Saturday, July 12, 2008

The Utilitarianism of Torture Chic

Responding to Matthew Yglesias' snippet on conservative torture fashion, Daniel Koffler at AOTP finds his outrage lacking:

"I say, let’s maximize the total utility of the world by making sure everyone who would “rather be waterboarding” has her preference realized. Indeed, if an appropriate form of utilitarianism is correct, one might have an obligation to
see to it that those who would “rather be waterboarding” get waterboarded."

As they say, read the whole thing (it's not very long).

...While I'm here I may as well throw out yet another plug for Art of the Possible, which is as interesting and unique a blog as they come (without being, you know, bizarre).

Also, John Schwenkler has some typically astute notes on this.

As for me, I agree with John that this view of waterboarding as being a criterion for modern-day conservatism must be fought vociferously by the dissident elements of conservatism. But I would add one thing - although this ideology of the political Right that views support for waterboarding as a litmus test is considered to be "conservative," the reality is that it is really just an example of how coalitions can distort the views of coalition members. Frankly, almost any truly conservative (in the Burkean sense) ideology - whether it be the conservatism of doubt of an Andrew Sullivan, the more traditional conservatism of a William F. Buckley or a Russell Kirk, etc. - would be disturbed by the concept of waterboarding as not only defensible but actually a badge of honor.

Instead, the idealization of waterboarding is merely a symbol of how "conservatism" has become viewed as simply a synonym for "agreeing with the Republican base," much as "liberalism" is viewed as synonymous with "agreeing with the Democratic base." In reality, however, actual conservatives were never more than one element of the Republican coalition, albeit the dominant element in the post-Goldwater era. The problem is that conservatives alone were not enough to win an election, and so the Republican party needed to seek out other groups who had relatively little philosophical connection with Buckley-style conservatism. To accommodate these groups, who took up the moniker of "______ conservatives," the Republican Party had to take up their issues, which were of perhaps lesser importance to the more philosophical conservatives.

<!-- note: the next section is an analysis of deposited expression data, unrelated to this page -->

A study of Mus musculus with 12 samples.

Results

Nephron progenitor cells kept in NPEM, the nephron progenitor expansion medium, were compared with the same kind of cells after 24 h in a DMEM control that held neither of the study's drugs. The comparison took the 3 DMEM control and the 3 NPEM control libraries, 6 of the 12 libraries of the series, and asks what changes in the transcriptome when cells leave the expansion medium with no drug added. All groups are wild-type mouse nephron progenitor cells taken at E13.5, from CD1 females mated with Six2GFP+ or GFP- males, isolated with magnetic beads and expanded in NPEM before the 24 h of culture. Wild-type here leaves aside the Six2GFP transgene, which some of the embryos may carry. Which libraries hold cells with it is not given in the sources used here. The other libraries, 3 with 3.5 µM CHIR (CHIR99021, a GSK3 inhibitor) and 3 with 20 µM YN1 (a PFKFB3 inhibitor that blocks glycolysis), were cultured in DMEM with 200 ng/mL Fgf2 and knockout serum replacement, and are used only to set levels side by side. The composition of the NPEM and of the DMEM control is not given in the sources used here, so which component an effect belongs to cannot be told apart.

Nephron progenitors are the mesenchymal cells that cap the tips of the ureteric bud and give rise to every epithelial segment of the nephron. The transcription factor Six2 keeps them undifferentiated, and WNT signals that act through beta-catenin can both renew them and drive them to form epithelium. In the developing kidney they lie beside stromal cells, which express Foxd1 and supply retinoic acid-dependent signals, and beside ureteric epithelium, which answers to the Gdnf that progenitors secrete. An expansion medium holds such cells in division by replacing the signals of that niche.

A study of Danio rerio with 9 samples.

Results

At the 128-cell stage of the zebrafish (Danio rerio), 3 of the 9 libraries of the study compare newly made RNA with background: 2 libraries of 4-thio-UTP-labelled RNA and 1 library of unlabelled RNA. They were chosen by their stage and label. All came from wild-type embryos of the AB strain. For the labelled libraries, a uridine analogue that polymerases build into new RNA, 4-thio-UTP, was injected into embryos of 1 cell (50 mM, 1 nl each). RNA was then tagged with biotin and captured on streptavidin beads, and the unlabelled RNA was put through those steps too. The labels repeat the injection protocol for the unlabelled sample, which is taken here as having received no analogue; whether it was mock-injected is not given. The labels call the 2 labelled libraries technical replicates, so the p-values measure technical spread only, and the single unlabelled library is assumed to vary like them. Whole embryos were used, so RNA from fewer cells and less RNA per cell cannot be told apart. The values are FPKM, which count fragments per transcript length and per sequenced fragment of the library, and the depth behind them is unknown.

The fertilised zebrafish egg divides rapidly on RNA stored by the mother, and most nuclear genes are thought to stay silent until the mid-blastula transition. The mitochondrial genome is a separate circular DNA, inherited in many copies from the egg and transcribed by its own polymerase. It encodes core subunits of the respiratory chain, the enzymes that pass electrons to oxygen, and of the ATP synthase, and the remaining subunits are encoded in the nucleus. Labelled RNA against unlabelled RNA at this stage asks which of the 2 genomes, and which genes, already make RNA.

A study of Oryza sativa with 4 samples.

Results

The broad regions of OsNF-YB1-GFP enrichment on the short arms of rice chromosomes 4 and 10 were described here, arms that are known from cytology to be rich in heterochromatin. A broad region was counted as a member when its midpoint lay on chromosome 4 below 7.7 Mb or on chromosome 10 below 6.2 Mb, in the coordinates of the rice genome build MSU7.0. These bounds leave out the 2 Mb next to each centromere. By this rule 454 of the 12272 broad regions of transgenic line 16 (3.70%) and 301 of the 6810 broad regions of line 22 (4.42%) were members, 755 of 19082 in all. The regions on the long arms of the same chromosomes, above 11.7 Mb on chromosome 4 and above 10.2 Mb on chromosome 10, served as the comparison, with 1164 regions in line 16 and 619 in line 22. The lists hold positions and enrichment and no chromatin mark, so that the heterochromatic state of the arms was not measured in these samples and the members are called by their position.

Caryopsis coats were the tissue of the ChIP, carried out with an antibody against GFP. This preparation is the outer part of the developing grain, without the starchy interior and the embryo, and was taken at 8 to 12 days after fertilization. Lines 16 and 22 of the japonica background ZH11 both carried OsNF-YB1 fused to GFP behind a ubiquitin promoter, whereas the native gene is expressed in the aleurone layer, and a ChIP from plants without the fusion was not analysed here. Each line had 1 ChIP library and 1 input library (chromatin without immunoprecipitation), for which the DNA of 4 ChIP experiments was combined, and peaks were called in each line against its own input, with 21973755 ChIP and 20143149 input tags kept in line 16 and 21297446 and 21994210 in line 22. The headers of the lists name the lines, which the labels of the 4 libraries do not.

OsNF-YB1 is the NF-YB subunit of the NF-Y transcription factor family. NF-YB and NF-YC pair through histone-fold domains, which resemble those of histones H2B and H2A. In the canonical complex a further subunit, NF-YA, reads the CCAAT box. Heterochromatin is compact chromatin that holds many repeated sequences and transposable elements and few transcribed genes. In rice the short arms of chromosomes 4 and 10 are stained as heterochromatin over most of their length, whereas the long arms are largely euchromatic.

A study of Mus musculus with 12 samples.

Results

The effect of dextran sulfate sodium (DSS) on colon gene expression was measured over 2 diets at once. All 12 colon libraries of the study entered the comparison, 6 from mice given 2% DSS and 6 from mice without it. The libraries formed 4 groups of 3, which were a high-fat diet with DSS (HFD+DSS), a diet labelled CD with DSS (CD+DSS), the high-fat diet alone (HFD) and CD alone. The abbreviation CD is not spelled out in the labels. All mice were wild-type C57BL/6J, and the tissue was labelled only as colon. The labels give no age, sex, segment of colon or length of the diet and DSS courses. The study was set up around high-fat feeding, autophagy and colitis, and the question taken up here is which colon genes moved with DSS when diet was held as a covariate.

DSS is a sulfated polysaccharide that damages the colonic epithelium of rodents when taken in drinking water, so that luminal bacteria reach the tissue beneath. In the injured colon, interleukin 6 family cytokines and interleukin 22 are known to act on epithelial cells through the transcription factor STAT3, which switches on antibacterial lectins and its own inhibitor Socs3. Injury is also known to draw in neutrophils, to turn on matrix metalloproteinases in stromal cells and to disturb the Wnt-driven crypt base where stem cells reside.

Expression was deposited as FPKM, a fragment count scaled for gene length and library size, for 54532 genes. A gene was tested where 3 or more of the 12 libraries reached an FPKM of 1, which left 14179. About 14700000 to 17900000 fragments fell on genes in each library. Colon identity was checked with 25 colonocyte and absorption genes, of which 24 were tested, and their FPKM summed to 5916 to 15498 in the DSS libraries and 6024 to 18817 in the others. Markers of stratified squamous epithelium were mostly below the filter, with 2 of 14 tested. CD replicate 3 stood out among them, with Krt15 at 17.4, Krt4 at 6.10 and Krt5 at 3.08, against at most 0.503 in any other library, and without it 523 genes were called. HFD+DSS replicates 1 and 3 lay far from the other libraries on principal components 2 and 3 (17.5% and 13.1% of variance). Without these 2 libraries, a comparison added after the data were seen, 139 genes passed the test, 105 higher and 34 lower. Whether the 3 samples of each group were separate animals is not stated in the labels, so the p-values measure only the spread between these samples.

Unfortunately, most people today - including most self-styled conservatives - view conservatism as an ideology that simply means "the dominant views of the random mish-mosh of groups supporting the Republican Party." This isn't conservatism - it's just pu-pu platter partisanship masquerading as conservatism. Moreover, it is perhaps exhibit A1 of how partisanship can have more impact on interest groups than interest groups have on the party (my fifth rule).

To be sure, there are a number of young, talented true conservatives (or not really Burkean "_______ conservatives") who are seeking to reclaim their philosophy from the jaws of political coalition pragmatism. But they will first have to develop and create support for those philosophies independent from the confines of either political party, especially the Republican Party. Given the synonymity of "conservative" with "Republican," I also suspect that they will have to come up with a new label for themselves to have much hope of success.